Buying the latest games will typically get you top-quality graphics and an iTunes-ready soundtrack, but that won’t necessarily translate into compelling gameplay. And even if it does, there’s no guarantee you’ll be kept entertained for more than a few hours.
The solution? Try one of these open source takes on classic PC games.
Sure, the graphics won’t be as good. There is no chance you’ll want to download the soundtrack, and there will probably be odd glitches and bugs here and there.
But, you can be sure the central concept will be great (it’s what inspired the remake in the first place). It’ll have been developed by people who love it, rather than just because they want your cash. And as, in most cases, the projects are still evolving – with new features, content, missions, expansion packs – you’ll want to keep playing for a long, long time.
1. Freeciv is an addictive, turn-based strategy game, based on the classic Sid Meier’s Civilization series.
The core idea is simple, and so familiar: you start very weak, then develop resources, research new technologies, expand your empire and go to war with your enemies. But it’s as engrossing here as it ever was, and in the unlikely event that you start to lose interest, you can experiment with different objectives, maps, scenarios, or pit your skills against other Freeciv fans in a multi-player game.
2. OpenClonk is a free, open-source multiplayer version of RedWolf Design’s “Clonk”.
The core program gives you control over “Clonks”, “small but nimble humanoid beings”. You move them around a 2D horizontally scrolling world, deforming the landscape, setting up mining operations, managing your economy and taking part in “fast and fiddly melees”.
While there’s nothing too unusual about any of this (think Minecraft, Terraria, Worms or Settlers), it’s great fun if you’re a fan of those games, and OpenClonk’s powerful customisation tools means it’s easy to extend the program with new maps and scenarios.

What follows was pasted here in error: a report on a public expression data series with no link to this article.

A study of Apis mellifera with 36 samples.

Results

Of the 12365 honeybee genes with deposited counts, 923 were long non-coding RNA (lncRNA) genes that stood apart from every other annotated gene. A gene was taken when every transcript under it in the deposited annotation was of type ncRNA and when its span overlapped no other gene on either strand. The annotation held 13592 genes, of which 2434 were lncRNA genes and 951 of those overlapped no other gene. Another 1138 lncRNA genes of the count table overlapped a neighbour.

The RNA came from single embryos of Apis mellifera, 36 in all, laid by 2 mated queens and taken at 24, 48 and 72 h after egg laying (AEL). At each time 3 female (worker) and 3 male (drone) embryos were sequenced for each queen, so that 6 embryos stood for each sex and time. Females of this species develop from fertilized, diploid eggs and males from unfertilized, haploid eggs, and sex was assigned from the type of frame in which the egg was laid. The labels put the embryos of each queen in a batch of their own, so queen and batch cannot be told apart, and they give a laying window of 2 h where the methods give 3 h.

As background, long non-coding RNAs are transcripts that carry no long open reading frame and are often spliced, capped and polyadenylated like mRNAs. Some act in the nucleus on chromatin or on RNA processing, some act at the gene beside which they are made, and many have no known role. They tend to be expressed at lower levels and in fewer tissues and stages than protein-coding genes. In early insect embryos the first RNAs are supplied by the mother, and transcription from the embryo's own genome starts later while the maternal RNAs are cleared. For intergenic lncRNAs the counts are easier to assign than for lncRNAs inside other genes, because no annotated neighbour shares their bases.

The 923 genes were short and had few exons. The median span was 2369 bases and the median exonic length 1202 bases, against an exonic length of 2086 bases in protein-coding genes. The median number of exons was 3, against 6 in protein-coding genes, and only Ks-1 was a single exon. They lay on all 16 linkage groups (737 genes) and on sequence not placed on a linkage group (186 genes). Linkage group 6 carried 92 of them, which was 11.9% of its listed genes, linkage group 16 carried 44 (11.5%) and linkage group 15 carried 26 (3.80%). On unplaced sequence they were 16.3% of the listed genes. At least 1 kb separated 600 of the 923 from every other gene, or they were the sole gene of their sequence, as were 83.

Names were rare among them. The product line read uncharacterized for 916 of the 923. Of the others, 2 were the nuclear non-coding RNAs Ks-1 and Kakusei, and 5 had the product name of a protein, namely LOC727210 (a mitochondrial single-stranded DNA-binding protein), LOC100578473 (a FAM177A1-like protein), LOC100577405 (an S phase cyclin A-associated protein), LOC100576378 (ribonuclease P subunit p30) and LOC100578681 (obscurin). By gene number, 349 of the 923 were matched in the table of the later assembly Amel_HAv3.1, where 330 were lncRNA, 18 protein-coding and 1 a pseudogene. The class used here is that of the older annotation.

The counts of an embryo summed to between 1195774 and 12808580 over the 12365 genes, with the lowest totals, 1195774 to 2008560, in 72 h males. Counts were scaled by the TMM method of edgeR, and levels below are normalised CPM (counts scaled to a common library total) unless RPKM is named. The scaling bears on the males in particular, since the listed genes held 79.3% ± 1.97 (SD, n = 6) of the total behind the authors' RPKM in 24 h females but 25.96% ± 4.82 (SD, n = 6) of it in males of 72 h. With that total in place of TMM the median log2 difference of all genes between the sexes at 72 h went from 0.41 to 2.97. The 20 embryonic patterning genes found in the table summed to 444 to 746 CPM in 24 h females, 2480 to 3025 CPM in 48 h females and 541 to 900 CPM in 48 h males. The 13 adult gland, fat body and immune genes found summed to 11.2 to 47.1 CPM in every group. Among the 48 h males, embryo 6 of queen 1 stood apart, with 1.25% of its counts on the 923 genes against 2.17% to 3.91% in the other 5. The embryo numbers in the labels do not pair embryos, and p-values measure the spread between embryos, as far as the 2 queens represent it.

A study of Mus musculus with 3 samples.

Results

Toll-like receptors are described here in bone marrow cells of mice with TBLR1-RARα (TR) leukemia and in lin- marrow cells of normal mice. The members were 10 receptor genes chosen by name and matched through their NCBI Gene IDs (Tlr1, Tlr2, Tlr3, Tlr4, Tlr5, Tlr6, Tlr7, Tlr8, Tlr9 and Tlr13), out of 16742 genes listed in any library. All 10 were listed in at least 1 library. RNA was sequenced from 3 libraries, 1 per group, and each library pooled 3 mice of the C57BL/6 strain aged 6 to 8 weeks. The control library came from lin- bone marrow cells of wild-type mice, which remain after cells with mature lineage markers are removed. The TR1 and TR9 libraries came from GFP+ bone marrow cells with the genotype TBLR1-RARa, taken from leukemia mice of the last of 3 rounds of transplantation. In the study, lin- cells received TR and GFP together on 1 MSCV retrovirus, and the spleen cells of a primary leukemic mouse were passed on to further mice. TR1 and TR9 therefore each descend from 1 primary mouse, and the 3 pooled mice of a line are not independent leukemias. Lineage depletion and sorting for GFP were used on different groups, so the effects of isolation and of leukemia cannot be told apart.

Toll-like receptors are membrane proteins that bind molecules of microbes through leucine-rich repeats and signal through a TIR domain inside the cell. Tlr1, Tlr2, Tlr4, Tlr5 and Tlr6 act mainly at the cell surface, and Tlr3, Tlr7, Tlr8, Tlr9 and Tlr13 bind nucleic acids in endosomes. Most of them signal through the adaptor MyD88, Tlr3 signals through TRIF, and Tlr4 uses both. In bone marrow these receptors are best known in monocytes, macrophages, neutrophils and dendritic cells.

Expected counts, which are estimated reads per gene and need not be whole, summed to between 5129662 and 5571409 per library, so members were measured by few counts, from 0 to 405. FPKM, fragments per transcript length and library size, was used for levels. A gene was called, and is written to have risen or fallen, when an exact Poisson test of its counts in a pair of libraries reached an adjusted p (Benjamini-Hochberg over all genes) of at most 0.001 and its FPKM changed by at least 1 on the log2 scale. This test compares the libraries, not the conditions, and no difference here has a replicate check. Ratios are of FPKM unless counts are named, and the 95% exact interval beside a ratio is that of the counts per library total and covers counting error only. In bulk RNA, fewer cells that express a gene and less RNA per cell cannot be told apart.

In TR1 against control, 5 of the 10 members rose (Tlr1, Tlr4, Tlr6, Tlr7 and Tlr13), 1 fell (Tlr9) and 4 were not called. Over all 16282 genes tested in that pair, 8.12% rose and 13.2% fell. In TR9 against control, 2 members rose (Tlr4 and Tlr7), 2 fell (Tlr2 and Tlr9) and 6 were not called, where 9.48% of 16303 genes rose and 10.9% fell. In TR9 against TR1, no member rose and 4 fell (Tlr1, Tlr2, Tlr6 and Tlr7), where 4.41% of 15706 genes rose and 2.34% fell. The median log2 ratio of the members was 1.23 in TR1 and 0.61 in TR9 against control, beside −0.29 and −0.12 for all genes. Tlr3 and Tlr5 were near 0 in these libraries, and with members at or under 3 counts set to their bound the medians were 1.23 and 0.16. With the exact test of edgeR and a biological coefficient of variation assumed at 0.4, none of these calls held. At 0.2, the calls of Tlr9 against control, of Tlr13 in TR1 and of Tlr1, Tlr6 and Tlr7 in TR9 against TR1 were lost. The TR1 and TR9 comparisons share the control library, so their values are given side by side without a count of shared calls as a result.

3. Oolite is an open-ended single player space trading/ combat game, inspired by the classic Elite.
You start at a space station, the proud owner of an underpowered Cobra III ship, a small amount of cash, and very little else. You’ll need to earn some credits, and quickly, to upgrade your ship and survive, but how to do that is up to you: mining, trading, smuggling, acting as a courier in dangerous systems, attacking other ships to steal their cargo, maybe salvaging the wreckage of someone else’s battle: there are plenty of options.
It’s this open-ended gameplay which makes Oolite different. There’s no fixed story arc, you set the shape of the game as you go along, and live – and die – by your decisions.
4. Open General is an open-source “evolution” of Panzer General II, a classic turn-based strategy game from 1997.
The program starts during the Spanish Civil War and provides a series of campaigns to take you through World War II: attacking Madrid, invading Malta, trying to take Moscow (often just as bad an idea in the game as it was in real life).
There are other campaigns to install – or you can create your own – and new builds with bug fixes and updates appear on a regular basis, perhaps 3 or 4 a month.
5. OpenRA is an open-source implementation of the Red Alert engine, which essentially allows you to play classic real-time strategy games along the lines of Command & Conquer and Command & Conquer: Red Alert. Not clones, as such, more what the authors call “reimaginings”, similar but featuring improvements on the originals.
If you’re sampled the series before then you’ll remember the addictive gameplay. There are some great single player missions, but with options to join a multiplayer game – or set one up yourself – there’s enough to keep you happy for a very long time.